Last year, I was in the King’s Building at Strand when my Welcome App beeped with a notification, informing me that the venue for ID card collection had been changed. It was now in “Bush House,” and my slot was in five minutes. Of course, being an international student, I didn’t know what a Bush House was.
Going into panic mode, I started fumbling for my phone in a frantic attempt to open Google maps. It told me that Bush House was, in fact, a building, and that it was a twelve-minute walk away. Flustered, I followed the map through Aldwych, tripping an embarrassing amount in the process and unsurprisingly arriving at the venue five minutes late.
Cut to me successfully collecting my ID card and exiting the building; I was feeling quite proud of myself for figuring things out, until I looked up and realised that the King’s building (twelve minutes away, according to Google) was directly in front of me. It should have been a three-minute walk at most.
Suffice it to say, London can be quite nerve-rackingly hard to navigate as an international student.
People keep to themselves, existing independently but in continuum. Google maps could be your best friend or worst enemy, depending on where you are (in my experience, worst enemy seems to be more fitting). The metro is called the tube, jaywalking is not a concept, and car honking is considered to be offensive. Your contactless (?) debit card works as your Oyster, and in some places, your Oyster works as ID.
Considering the fact that London is a city that often complains about ‘rain,’ there will barely ever be any actual rain. Instead, it will drizzle at what feels like an average of 20 hours a day, with drops so light and barely-there that it will make you wonder if it’s even worth pulling out your £10 umbrella. Spring will be cold, autumn will be warm, and the much-awaited snow of winter will be more of an icy slush – but you’ll love it anyway.
Meanwhile, at university, you’ll realise that Fresher’s Week – expected to be the golden time of your life – is more chaotic than anything you have ever, and probably will ever, witness. There will be noise. And sweat. Visualise thousands of students squished together, both physically and mentally, trying to find one (or all) of three things: friends that will become family, themselves, or their niche. During Fresher’s Fair, you will ricochet around society stalls like a tennis ball, being either charmed or rudely confronted by society representatives who will somehow convince you to sign up for the most obscure things (in my case, Kung Fu). You’ll be left in a daze, wondering if this is what university life is like and if it is then how will you survive?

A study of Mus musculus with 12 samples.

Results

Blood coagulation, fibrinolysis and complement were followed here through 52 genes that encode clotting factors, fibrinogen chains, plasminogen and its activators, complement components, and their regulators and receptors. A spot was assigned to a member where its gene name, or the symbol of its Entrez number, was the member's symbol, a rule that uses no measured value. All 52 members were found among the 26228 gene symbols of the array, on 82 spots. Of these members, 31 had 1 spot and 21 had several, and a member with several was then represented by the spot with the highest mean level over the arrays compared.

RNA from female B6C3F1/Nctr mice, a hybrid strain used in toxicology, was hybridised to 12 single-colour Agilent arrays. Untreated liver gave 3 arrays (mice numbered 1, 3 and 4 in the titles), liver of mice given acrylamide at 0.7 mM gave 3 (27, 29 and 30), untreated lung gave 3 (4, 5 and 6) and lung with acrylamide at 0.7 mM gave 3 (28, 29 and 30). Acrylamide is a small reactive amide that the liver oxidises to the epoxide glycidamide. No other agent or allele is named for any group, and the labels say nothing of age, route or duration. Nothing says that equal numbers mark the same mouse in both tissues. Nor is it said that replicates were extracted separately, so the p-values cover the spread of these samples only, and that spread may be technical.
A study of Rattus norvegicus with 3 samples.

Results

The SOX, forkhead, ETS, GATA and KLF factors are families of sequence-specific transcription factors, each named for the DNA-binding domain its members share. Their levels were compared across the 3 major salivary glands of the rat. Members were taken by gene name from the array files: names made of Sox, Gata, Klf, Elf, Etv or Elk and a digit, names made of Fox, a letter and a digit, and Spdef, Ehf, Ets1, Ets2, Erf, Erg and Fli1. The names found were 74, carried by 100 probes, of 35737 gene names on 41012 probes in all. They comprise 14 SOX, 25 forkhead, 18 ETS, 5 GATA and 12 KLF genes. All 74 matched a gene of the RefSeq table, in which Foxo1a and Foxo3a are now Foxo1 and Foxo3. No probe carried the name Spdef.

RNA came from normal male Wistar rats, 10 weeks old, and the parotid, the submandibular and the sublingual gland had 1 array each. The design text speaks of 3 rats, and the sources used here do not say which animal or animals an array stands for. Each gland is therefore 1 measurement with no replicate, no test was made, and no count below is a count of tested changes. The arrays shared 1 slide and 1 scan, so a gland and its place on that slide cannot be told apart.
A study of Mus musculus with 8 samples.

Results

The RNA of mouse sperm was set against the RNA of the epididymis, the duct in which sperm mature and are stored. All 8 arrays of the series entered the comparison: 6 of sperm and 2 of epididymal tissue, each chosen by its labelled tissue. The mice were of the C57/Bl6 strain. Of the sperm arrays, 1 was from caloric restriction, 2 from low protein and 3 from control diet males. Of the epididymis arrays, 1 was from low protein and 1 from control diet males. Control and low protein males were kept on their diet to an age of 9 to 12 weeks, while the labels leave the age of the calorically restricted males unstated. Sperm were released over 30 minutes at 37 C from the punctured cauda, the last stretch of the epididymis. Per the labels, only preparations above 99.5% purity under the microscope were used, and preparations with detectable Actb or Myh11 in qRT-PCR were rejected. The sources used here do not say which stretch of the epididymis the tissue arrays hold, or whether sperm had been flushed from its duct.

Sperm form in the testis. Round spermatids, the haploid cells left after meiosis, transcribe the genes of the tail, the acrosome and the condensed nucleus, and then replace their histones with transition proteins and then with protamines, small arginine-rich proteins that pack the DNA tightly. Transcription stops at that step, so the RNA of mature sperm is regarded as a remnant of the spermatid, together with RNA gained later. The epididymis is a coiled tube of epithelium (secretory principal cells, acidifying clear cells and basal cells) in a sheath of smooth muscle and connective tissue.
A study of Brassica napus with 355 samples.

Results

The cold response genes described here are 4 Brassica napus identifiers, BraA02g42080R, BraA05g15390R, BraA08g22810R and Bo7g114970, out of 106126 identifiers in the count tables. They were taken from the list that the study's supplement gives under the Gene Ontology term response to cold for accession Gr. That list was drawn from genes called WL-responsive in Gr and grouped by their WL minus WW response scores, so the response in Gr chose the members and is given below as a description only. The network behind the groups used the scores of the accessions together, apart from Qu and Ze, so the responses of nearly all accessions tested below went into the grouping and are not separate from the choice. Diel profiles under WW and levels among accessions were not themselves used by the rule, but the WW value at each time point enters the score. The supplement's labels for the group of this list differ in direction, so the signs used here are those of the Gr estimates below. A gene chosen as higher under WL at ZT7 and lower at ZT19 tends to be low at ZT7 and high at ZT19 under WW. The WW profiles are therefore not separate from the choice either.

Eventually, you’ll understand why students always complain about being broke. Budgeting is hard, and your rent itself will often exceed your carefully planned estimate. Don’t worry. You’ll learn to cope, and until then, student discounts will be omnipresent, cropping up in places as diverse as Pizza Express and Bella Italia to Ryman and Superdrug. Most importantly, you’ll find that despite your defiance, Tesco meal deals become your staple diet (which, believe me, you’ll have newfound appreciation for when it’s 10.30 p.m. and you’re starving at the Maughan).
Student “night-outs” will also come as a revelation. More often than not, they will mean drinking away your sorrows at Wetherspoons – which will become your second home – and will somehow always involve pitchers of snakebite, annoyed security guards and sticky crowds chanting Mr. Brightside at an unnecessarily loud volume. Every Wednesday at Guy’s Bar, you will have the opportunity to witness KCL students in their most raw and primal form: Sports Night, which will either be the bane or boon of your existence (there is no in between).
Your classes will most likely be in different buildings, and if you’re particularly unlucky, on different campuses. The first academic week will, as a result, be utter chaos. Adding onto the fact that you’ll be running around like a headless chicken, with a cup of coffee (or, more preferably, tea) in your hand while struggling to understand King’s timetabling, lectures won’t be what you expect. Lecture theatres will hold as many as a hundred people and lecturers will rarely know your name. Don’t bother trying to change that. Instead, focus on yourself: your mental health and well-being, your grades and your satisfaction.
Another cultural shock will arrive in the form of the British grading system. It’s common for first-years to get a 2:1 on an essay, only to be heard panicking because how do I tell my mother that I got a 65 percent? It’s important to understand that the marking system is not the same as it is back home; your grades are good, and even if they aren’t, there is plenty of time to learn. First year doesn’t matter as much academically. It gives you a lot of room for failure and subsequently, for improvement.
In short, it isn’t going to be all rosy, like many of us expect it to be – but then again, life never really is. First year is about finding yourself and reaching a place where you feel comfortable and at peace. It will be a tumultuous experience, one that you may love or hate (keep in mind that no two people share the same experience). Make the most of it, because no matter how it turns out, it will be a once-in-a-lifetime adventure.